Merissa Aguilleira, the woman who led the Windies out of the doldrums

By Ricardo Chambers June 24, 2020
Merissa Aguilleira Merissa Aguilleira

Merissa Aguilleira made her international debut for the West Indies in 2008 at the age of 22.

This was a time when the West Indies women had no real international pedigree.

Outside of a few names like Nadine George, the only West Indies female player to score a Test century, women’s cricket in the Caribbean was at best struggling for recognition.

The West Indies women played in 12 Tests between 1976 and 2004. The only women who play Test cricket today are Australia and England who still participate in the Women’s Ashes.

The Trinidadian had an inauspicious start to her career, run out for a duck in her first innings against the Netherlands in Utrecht.

She did, however, take two catches behind the stumps as the regional side won the match comfortably.

Ironically, regular captain, George had been forced to sit out that match due to injury and Jamaican Chadean Nation took charge.

By the time the 2009 World Cup came around in March, the St Lucian George had retired at 40 years old.

It meant a permanent captain had to be selected and although a newcomer to the side, the leadership qualities of Aguilleira could not be ignored.

She was already captain of Trinidad and Tobago and her mature demeanour, passion for the game and motivational skills made her a suitable, even if not obvious, candidate for the job.

At the time, she had played just 15 ODIs and by the time she made her T20 international debut against South Africa in June 2009, she was captain in both formats.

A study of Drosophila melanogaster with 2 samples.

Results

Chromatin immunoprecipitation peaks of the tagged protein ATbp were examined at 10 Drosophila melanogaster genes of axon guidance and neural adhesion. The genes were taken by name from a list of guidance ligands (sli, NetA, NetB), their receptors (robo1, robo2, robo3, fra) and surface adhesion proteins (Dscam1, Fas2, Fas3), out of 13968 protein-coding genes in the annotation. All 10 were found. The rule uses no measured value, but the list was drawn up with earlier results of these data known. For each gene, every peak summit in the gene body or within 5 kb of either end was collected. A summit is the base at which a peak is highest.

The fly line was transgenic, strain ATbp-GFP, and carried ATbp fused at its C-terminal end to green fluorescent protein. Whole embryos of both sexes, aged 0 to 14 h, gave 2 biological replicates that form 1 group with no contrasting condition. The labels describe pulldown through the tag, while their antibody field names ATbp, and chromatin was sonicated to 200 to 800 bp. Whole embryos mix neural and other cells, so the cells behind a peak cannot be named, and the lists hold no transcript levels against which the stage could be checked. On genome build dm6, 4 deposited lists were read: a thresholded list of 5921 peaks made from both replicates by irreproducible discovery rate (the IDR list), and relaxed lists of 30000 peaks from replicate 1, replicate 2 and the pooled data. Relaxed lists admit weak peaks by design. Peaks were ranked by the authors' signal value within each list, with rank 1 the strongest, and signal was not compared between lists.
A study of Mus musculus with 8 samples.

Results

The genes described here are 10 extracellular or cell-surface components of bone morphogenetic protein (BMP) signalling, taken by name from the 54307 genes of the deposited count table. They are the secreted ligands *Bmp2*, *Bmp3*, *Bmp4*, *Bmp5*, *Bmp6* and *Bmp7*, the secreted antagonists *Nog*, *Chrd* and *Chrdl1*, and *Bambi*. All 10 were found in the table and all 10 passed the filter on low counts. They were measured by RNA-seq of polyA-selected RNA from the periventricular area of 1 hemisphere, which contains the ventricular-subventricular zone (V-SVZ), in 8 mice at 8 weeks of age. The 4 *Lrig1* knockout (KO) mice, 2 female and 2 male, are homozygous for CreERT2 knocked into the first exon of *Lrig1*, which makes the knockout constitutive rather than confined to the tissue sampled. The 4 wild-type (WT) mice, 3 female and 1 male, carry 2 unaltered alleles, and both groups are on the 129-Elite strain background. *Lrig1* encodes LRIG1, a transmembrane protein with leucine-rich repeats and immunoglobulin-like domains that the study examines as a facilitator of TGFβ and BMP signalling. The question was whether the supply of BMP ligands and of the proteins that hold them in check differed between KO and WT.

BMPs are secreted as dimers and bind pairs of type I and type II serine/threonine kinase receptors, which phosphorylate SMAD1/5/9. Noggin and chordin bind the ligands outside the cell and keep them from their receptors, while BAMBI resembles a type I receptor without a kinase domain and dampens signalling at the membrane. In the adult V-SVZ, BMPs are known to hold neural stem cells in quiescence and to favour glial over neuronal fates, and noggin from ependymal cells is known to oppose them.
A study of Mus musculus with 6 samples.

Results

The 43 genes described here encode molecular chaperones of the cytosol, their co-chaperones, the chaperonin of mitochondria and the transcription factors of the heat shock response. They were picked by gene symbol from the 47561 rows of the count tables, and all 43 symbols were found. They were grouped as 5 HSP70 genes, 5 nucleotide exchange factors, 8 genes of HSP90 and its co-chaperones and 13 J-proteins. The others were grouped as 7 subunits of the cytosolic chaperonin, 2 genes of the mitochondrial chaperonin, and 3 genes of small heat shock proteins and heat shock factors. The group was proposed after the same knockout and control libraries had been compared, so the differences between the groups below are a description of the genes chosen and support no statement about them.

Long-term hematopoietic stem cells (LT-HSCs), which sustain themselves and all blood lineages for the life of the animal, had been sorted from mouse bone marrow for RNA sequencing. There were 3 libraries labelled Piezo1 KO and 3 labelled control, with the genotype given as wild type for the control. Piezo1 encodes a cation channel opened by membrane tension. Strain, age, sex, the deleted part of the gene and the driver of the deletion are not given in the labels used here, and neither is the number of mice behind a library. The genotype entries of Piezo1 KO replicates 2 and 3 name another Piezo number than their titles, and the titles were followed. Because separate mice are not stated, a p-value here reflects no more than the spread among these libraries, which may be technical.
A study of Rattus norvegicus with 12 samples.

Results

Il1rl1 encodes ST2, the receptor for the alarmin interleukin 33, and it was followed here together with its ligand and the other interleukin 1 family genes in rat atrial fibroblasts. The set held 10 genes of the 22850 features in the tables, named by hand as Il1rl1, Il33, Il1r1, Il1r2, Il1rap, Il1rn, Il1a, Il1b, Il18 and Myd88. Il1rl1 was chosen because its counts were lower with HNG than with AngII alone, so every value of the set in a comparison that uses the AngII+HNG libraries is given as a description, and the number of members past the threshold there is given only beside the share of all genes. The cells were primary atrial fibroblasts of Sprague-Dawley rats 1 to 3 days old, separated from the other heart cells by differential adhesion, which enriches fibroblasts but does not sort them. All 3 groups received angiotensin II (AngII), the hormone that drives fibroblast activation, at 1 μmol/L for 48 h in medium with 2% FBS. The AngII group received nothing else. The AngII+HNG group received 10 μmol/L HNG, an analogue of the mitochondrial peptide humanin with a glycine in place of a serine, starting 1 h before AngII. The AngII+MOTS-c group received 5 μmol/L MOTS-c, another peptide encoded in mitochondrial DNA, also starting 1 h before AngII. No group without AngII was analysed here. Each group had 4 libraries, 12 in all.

Her first major assignment was the 2009 50-over World Cup.

West Indies finished 6th, one place lower than they did four years earlier but the experience would prove invaluable for Merissa and her largely young team.

Under her leadership, the Caribbean women grew and improved.

She took them to the final of the 2013 50-over World Cup.

It was a monumental achievement even with a heavy defeat to Australia in the final.

Around that she led the team to three World T20 semi-finals; 2010, 2012 and 2014.

Aguilleira was never the best player in the West Indies side but she held her own with the bat scoring 1752 ODI runs at an average of 20.61 and 768 T20 runs at 14.49.

She never scored an international century, but in her substantive role as a wicketkeeper she racked up an impressive resume.

Her 70 dismissals from 95 T20 internationals ranks her 4th best of all-time. She is 5th best in the 50-over game with 102 dismissals from 112 matches.

In the shortest format, she has the second most matches as captain (73) and the 5th most in ODIs (74)

She sits top of the tree for most matches as a wicketkeeper-captain, 71 in ODIs and 65 in T20Is.

Her 78 wins from 147 international matches as captain ranks her 7th all-time and by far the best by a West Indian.

West Indies women cricket is stronger because of the role Aguilleira played in leading them from being an unknown quantity to regular tournament contenders.

And even though she had been stripped of the captaincy when the West Indies won the 2016 ICC Women’s T20, a solid foundation had been set for Stafanie Taylor to follow through.

Now with Aguilleira retired and West Indies women’s cricket floundering, another Aguilleira-like figure is needed to motivate a return to the pinnacle.

Stafanie has her work cut out but maybe there is a role for Merissa within the set-up, this time, calling the shots from the dressing room.